Tom Glendenning is one of the winners of the Moclín Arte competition to create work during the village's first art festival SUR
Three British artists win places in Granada art competition

Three British artists win places in Granada art competition

Jayne Stansfield, Tom Glendenning and Caroline Howitt will all be creating work for the first ever Moclín Arte art festival which runs for three weeks

Jennie Rhodes


Tuesday, 15 August 2023


Three British Artists have won the chance to create lasting works of art in Moclín (Granada province) at the village’s first ever art festival. The first prize in a competition to submit work for public spaces in the village was awarded to Jayne Stansfield, a Fine Art Masters student at Norwich University of the Arts. Stansfield’s winning proposal was to create a sculpture and mural depicting birds taking flight and she will work with children from local schools throughout the project.

The second prize winner, Tom Glendenning who lives in Spain, will create a series of murals inspired by the contours of the landscapes surrounding the seven villages that make up the municipality.

Caroline Howitt, a Moclín resident originally from Scotland, will be painting a mural of an olive tree on the façade of a local doctor’s surgery. All three artists will be working on their projects during Moclín Arte which runs from 17 September until 8 October 2023.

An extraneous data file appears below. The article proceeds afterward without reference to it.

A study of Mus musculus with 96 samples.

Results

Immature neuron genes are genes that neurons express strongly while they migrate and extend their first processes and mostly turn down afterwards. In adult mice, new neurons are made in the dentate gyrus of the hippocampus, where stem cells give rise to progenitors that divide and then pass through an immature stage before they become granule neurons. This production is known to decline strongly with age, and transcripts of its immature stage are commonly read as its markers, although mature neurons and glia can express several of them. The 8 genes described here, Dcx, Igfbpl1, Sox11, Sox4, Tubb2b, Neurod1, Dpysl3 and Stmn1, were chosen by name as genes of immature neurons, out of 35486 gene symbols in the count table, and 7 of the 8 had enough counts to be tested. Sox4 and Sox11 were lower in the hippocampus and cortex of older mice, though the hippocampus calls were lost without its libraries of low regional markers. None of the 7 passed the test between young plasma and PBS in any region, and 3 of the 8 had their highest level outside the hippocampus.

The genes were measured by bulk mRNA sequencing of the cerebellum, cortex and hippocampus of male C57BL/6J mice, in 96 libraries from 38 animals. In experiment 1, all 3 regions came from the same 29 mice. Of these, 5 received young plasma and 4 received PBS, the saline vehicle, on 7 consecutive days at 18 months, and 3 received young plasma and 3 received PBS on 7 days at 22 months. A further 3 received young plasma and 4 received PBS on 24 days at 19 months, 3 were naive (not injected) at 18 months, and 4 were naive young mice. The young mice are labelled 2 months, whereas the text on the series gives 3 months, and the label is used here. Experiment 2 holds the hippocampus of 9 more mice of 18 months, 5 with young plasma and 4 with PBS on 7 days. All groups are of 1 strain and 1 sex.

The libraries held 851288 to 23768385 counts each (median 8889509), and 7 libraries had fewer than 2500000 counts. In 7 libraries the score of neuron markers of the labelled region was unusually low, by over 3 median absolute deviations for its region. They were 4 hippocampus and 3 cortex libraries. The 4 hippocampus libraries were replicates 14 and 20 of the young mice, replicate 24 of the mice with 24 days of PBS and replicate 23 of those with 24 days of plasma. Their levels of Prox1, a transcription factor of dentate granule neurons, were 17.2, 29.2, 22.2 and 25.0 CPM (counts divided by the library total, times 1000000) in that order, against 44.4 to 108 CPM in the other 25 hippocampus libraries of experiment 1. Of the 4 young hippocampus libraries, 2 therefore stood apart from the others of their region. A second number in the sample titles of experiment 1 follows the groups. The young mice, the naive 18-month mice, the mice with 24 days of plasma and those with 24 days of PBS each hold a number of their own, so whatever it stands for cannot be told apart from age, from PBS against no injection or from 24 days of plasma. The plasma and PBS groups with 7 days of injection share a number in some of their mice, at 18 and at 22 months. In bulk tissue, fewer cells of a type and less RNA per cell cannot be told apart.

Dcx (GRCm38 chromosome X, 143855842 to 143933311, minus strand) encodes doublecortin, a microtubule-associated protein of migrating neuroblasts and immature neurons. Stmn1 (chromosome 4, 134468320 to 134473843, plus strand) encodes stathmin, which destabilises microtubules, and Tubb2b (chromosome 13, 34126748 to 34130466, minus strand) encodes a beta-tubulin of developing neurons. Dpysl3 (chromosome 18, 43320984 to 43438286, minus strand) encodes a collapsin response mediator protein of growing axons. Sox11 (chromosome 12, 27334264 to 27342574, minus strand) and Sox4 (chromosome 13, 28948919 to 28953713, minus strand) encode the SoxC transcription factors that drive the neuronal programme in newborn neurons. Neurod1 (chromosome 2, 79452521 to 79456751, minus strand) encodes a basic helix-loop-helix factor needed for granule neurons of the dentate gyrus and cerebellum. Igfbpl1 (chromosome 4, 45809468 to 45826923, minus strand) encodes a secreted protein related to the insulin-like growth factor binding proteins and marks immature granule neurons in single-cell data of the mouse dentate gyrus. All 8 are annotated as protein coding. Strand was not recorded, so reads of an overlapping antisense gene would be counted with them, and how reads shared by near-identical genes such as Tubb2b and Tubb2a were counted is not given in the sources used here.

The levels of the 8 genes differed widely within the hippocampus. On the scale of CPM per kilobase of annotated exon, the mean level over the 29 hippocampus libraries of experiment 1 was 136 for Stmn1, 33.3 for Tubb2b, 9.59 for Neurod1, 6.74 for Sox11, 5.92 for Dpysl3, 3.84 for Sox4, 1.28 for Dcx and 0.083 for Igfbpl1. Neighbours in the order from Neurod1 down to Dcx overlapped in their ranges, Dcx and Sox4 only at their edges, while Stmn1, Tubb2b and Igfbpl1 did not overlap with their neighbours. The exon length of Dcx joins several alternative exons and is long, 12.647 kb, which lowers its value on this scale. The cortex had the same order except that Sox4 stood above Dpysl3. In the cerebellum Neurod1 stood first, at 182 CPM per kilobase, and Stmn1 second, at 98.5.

Moclín Arte is a new three-week art festival designed to promote sustainable, cultural tourism in the area. The festival will include exhibitions of over 120 works of art by 15 international artists drawn from all over Spain, as well as workshops, a conference, concerts and visiting artists.


Ian Rutter was appointed councillor for tourism and heritage for Moclín after the local elections on 28 May. He is organising the festival with his husband, Andrew Watson. “We are hoping that the festival will attract visitors from all over Granada province and beyond to come and enjoy some or all of the events being organised,” said Rutter.

He added, “This is such a beautiful and historic corner of Spain, yet it still remains relatively unknown. Moclín is one of many villages in rural Spain that is in danger from rural depopulation. The seven villages used to boast a population of over 5,000, but this figure has dropped over the past 20 years to 3,600 and the number continues to drop."

“Agriculture and construction are the main sectors for employment, but there are very few alternative options for young people. Tourism offers new opportunities for employment and investment” Rutter said. Moclín Arte coincides with the village’s main annual Feria.